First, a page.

Discovering that the rights to the other ‘Oz’ novels other then ‘Wizard’ was in the public domain, it was only time will tell that ‘OZ: THE GREAT AND POWERFUL’ was released by Disney. Acting basically as the prequel to ‘The Wizard of Oz’, but not being able to mention Dorothy, the Tin Man, etc (though references are there), this film tell the story of James Franco’s lothario magician getting sucked in to ‘Oz’ and being seen as the Monomyth chosen one to end a war between Michelle William’s Witch, and the sister witches of Mila Kunis and Rachel Weisz. Directed by Sam Raimi, there was certainly interest to see if this film could at least respect a film which can easily be defined with the term ‘perfect’.
To do this Raimi employs some incredible tricks (or dare I say magical illusions) to keep the respect with the original picture. The first 15minutes of the film is in black and white, and has a smaller aspect ratio, while when things come to ‘Oz’ the whole thing widens and everything comes in glorious technicolour. While icons of the yellow brick road appear, this film certainly does have a Disney feel to it. The moral message in this is a lot broader then that of the ‘Wizard of Oz’, because of this everything comes across very safe. It is as if it does not want to be associated with the original film at all to a certain degree. The castle looks like the classic Disney design and the way the characters inhabit the world, feel like as if it’s something from a more 1990’s Disney film. Visually it is stunning though, the pot girl is a incredible CG model (despite taking up the annoying Disney child quota here). The story itself borrows elements from different fairy tales while mixing that of ‘Wicked’ the stage play, that and arguably there isn’t must of a conclusion coming from it.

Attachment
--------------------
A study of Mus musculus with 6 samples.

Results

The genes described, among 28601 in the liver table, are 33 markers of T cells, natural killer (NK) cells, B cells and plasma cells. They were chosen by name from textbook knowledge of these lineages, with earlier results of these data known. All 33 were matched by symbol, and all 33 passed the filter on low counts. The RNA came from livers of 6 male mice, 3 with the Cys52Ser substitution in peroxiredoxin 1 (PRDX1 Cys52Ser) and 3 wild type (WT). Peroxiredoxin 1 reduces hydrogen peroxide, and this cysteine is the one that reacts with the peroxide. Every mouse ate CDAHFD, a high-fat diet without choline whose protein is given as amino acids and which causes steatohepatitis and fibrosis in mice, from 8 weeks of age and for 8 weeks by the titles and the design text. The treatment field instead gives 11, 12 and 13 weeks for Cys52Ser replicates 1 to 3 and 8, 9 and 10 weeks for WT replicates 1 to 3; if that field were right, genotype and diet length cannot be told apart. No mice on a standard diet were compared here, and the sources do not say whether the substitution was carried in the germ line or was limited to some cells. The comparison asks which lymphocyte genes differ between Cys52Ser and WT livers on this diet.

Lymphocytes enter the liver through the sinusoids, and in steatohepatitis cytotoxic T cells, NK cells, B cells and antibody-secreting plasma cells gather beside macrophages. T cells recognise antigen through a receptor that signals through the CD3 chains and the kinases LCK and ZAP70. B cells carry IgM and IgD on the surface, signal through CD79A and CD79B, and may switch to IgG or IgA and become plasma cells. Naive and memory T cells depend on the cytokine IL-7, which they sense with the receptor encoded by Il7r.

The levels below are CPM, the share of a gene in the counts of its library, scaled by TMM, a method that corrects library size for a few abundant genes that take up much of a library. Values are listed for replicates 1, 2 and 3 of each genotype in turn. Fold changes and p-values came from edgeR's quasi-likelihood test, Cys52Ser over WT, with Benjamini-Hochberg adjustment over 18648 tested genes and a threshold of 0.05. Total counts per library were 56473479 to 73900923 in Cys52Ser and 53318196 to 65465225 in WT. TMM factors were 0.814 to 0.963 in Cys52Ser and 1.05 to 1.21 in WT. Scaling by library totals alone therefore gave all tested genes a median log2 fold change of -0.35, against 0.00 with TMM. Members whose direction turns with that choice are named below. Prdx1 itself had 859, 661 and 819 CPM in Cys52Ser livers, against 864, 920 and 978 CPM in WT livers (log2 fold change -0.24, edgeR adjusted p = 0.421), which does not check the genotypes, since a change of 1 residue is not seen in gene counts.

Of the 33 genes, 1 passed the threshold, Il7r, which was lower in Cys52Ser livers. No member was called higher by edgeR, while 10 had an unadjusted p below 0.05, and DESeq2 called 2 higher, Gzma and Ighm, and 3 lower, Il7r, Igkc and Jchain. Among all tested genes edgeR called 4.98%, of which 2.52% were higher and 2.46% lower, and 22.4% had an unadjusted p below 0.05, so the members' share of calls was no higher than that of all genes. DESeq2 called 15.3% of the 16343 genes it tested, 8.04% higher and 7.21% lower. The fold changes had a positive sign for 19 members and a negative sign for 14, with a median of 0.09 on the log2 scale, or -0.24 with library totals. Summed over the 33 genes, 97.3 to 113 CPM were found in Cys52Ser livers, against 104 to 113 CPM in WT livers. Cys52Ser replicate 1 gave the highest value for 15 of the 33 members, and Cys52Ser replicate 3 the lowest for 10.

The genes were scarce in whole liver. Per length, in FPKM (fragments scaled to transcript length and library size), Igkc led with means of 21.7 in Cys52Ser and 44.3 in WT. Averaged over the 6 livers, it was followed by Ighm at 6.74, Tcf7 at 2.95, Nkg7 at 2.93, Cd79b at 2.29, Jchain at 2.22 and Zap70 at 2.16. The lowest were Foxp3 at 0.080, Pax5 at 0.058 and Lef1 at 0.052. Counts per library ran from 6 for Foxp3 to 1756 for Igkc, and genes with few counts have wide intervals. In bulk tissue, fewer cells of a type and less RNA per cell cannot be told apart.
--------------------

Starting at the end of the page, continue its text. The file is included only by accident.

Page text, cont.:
Raimi does bring a fun aesthetic to it though. Full of homage’s to classic (at times silent) cinema, and enough scares for the younger audiences to enjoy, with good balancing of light and dark moments. There are the usual Raimi hallmarks in here – Bruce Campbell does bring his ever likable appeal, there is good use of first person, fast handheld and the use of a overlapping passage of time montage sequence. But one of the more apparent one is how he characterises one of the Evil Witches, with the idea they have mid shot of her frightening one of the central protagonists. It is something right out of ‘The Evil Dead’ in a way. Again though smaller audiences might find joy from it then anything else, as once a scary seen happens something more comical comes along.
Generally the acting it good, Franco is as always charismatic (even though I find it strange that he remains pretty much a prick throughout the film), Mila Kunis is showing her acting prowess with each seen and its good to see Michelle Williams return more to mainstream pictures. In regards to other similar Disney fairy tale feature, this is a lot better than ‘Alice in Wonderland’. It’s more deserving as it tells a actual (if yet dark) story. This is certainly a well deserved watch and highly recommendable of family viewing, and no – not just for Zack Braff’s flying monkey.